Loose parts in play — or the difference junk makes on a damp Tuesday lunchtime

28th March 2017

Playtime is the time most of us actually remember from school. How can loose parts – junk, stuff – help schools make playtime a key part of the school day?

By Cath Prisk, Global Partnerships Director at Project Dirt.

Back in the early 1990s I was a primary school teacher. Mostly I was super privileged to work with three to six year-olds, but I also got to cover every age group the year I did supply teaching. And, of course, we all had to do playtime cover too.

Standing in the middle of a huge expanse of concrete on the edge of the North Yorkshire moors, I watched over the antics of 250 children in their precious 15 minutes between lessons. I tell you, no combination of coat/hat/gloves/thermals quite cut it on a bleak damp Tuesday lunch time, and it was not surprising that many children, as children always have, would ask to “go in to the toilet miss!”, or would say “he hit me miss!”, or when they fell over, as they do fall over, they would cry maybe a bit more than necessary to get taken inside to be patched up…*

So when about ten years ago Michael Follett — the author of Making Playtime a Key Part of the School Day in our Outdoor Library — first took me to see a group of schools he was working with in South Gloucestershire, I was dumbfounded. I mean seriously gobsmacked, bowled over and utterly, totally delighted.

On a slightly damp Tuesday lunchtime the head teacher of the first school on our itinerary showed us around and it was the noise that got me. Or rather the absence of a noise. There was no sign of that slightly stressed whine that is oh so common towards the end of a damp Tuesday lunchtime, the whine of slightly stressed children. Instead there was the excited, busy chatter of about 300 playing kids having an absolutely brilliant time. And this wasn’t a one off, they did this every day!

Small change, big difference

There were many changes that the head teacher had implemented over the previous couple of years, but the most obvious and clear one was the introduction of ‘loose parts’, stuff to play with, junk. You can see what it looked like in the film above showing the results of a pilot study of Scrapstore Playpods in 2009.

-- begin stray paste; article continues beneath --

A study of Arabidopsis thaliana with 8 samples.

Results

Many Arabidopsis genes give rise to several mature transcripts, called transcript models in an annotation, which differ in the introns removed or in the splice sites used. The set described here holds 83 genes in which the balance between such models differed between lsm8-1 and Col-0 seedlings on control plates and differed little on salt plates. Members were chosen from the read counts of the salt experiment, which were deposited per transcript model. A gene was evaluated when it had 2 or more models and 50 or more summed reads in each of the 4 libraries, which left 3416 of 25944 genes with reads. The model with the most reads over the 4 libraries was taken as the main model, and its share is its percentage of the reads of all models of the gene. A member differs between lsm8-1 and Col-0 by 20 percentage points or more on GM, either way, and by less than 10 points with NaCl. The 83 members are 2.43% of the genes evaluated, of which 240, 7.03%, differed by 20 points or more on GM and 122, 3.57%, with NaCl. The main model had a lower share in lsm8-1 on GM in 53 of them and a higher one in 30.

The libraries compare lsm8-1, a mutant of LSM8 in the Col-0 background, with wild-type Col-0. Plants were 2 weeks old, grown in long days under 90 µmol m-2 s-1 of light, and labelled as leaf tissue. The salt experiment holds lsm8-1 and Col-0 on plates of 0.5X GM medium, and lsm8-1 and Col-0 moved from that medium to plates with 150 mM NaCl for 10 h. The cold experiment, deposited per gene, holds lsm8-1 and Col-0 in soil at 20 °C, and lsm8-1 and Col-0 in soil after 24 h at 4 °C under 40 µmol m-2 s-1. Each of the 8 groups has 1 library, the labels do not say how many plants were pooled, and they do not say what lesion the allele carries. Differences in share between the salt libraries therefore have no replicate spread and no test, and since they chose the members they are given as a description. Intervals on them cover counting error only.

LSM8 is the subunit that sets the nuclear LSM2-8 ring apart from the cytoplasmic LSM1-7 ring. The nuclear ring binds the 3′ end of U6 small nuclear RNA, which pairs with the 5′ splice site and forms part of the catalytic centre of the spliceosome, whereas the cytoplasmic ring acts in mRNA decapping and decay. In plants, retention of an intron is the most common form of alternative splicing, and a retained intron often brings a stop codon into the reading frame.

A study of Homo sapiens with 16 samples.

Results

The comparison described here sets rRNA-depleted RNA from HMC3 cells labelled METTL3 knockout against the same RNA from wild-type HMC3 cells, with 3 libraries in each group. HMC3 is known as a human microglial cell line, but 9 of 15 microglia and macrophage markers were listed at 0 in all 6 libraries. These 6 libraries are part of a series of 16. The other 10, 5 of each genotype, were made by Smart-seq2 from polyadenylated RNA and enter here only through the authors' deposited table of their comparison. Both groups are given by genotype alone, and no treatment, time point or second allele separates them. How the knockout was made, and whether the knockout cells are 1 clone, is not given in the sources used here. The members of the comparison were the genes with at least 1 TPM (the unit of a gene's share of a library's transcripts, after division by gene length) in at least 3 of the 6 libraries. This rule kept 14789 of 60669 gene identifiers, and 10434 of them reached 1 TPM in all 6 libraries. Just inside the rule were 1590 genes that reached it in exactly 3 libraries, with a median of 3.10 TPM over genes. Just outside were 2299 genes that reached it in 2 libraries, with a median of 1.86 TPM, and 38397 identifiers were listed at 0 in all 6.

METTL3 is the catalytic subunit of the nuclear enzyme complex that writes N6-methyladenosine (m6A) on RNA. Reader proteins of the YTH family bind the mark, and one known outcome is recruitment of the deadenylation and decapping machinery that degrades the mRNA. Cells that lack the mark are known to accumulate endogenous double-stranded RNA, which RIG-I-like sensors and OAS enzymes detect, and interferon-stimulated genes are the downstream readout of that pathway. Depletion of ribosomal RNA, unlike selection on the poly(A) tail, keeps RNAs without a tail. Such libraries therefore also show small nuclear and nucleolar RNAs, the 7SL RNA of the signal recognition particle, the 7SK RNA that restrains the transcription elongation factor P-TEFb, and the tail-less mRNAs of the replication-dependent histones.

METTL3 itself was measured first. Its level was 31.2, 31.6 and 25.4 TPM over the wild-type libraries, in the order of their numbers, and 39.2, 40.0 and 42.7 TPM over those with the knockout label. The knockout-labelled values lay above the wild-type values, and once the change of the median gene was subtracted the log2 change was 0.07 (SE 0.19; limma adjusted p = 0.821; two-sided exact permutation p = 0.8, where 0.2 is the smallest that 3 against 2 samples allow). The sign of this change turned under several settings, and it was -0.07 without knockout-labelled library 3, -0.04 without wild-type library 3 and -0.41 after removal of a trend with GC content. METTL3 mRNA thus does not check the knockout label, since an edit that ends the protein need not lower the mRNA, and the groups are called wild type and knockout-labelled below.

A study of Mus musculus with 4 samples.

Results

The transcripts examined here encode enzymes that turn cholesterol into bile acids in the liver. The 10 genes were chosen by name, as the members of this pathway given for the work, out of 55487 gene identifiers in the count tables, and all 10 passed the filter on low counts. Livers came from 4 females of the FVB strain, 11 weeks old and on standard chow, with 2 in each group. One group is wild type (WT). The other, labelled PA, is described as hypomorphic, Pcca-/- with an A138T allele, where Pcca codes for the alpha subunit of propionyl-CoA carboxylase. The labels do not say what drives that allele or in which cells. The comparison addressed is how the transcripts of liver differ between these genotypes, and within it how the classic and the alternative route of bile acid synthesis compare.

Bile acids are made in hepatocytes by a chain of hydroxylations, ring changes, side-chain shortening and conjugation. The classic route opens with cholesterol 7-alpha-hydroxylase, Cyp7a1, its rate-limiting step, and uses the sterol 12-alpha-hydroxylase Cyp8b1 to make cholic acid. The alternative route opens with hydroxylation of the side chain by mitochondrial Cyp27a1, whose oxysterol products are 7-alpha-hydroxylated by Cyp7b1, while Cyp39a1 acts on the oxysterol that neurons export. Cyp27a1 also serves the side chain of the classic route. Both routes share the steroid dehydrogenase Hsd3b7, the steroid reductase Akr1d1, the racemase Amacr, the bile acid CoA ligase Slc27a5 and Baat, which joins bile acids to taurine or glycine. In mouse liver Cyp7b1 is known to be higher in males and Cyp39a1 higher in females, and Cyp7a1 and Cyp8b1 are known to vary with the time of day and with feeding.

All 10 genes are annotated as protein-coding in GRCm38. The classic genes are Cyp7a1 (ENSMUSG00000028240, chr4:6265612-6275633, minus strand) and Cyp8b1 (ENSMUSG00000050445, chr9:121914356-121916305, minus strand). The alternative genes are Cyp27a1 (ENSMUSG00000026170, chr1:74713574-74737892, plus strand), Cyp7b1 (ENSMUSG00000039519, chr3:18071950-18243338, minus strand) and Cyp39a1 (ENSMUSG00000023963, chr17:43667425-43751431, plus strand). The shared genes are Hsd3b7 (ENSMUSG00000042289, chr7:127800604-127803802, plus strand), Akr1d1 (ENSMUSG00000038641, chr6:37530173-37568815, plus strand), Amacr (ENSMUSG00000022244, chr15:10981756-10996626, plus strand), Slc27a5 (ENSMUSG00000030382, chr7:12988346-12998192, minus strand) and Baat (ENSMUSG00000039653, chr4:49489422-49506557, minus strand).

And the impact of the change?

  • Children are better behaved.
  • Children have less accidents.
  • Children are happier at playtimes.
  • There are less reported incidents of bullying.
  • The lunchtime supervisors are happier.
  • Children return to class more ready to learn…

Since then, the Children’s Scrapstore team and Michael’s Outdoor Play and Learning team have won many awards for transforming playtimes,  and many more schools have introduced loose parts, either working with a ‘scrapstore’ or local play organisation, or organising it themselves.

These are some of the children at Soho Parish Primary school in central London, showing that even the tiniest and least green space can become a brilliant outdoor space to play and learn with a bit of imagination.

 

And yet for many today in 2017 this will be a revelation. And not just in the UK, but worldwide.

If the only ‘loose part’ — thing to play with — in the playground is one football; if the markings on the tarmac or dirt are permanent rather than chalk; and if the children are always kept off the grass/dirt/trees… is it any wonder that football dominates any play space they have and that anyone that doesn’t want to play that is left feeling a bit adrift? Maybe even bored?

Many schools worldwide now ban running. They ban marbles. They ban skipping ropes. No one is allowed anywhere that will be muddy or dusty. Green schoolyards with natural places to play are still far from normal outside of Scandinavia. Understandably because schools are trying to reduce accidents.

But in Bromley Heath Primary school — one of the schools in the film above — the head teacher is very clear. Since they started playing with loose parts, teachers and lunchtime staff have seen a huge improvement in behaviour. Children are busy. They are creative.

And what I saw on that memorable visit on that damp Tuesday about seven years ago was lots of children too busy to care if they got a little bump. Too happy to have fights. Too engaged to want to stop and go inside. Why would they want to go in? Outdoors was where all the fun was at!

On Outdoor Classroom Day we’ll see hundreds of thousands of children across the world outdoors during school time. Can this film, Micheal’s book and the links below inspire many more of you to get involved and to think about how you can make playtime more playful?

If you haven’t signed up yet, register your class or whole school today!

Sign up to Outdoor Classroom Day

*I want to add that on a soft, sunny day it was one of the most heavenly places on earth and nothing could keep us inside, and that whatever the weather we went outdoors a lot… but that’s a different blog.

References

 

Many thanks to Neil Coleman of OPAL CiC and the staff of Soho Parish Primary school for showing the Project Dirt and Aprendiz Outdoor Classroom Day teams round their amazing playground!

If you have more resources to help schools make playtime more enjoyable, or you are a school that can share your journey, please do let us know!


Wohoo! Top marks for signing up!!!

Thanks for joining the movement, we can’t wait to see what you get up to on the day! Please share this with your colleagues and friends to help us make it possible for every child to get outdoors to learn and play every day 🙂

Thank you for supporting Outdoor Classroom Day!

We’ll send you a newsletter shortly. Time to play is critical for every child – share your moments with us by tagging #OutdoorClassroomDay and make every day a day to learn and play outdoors!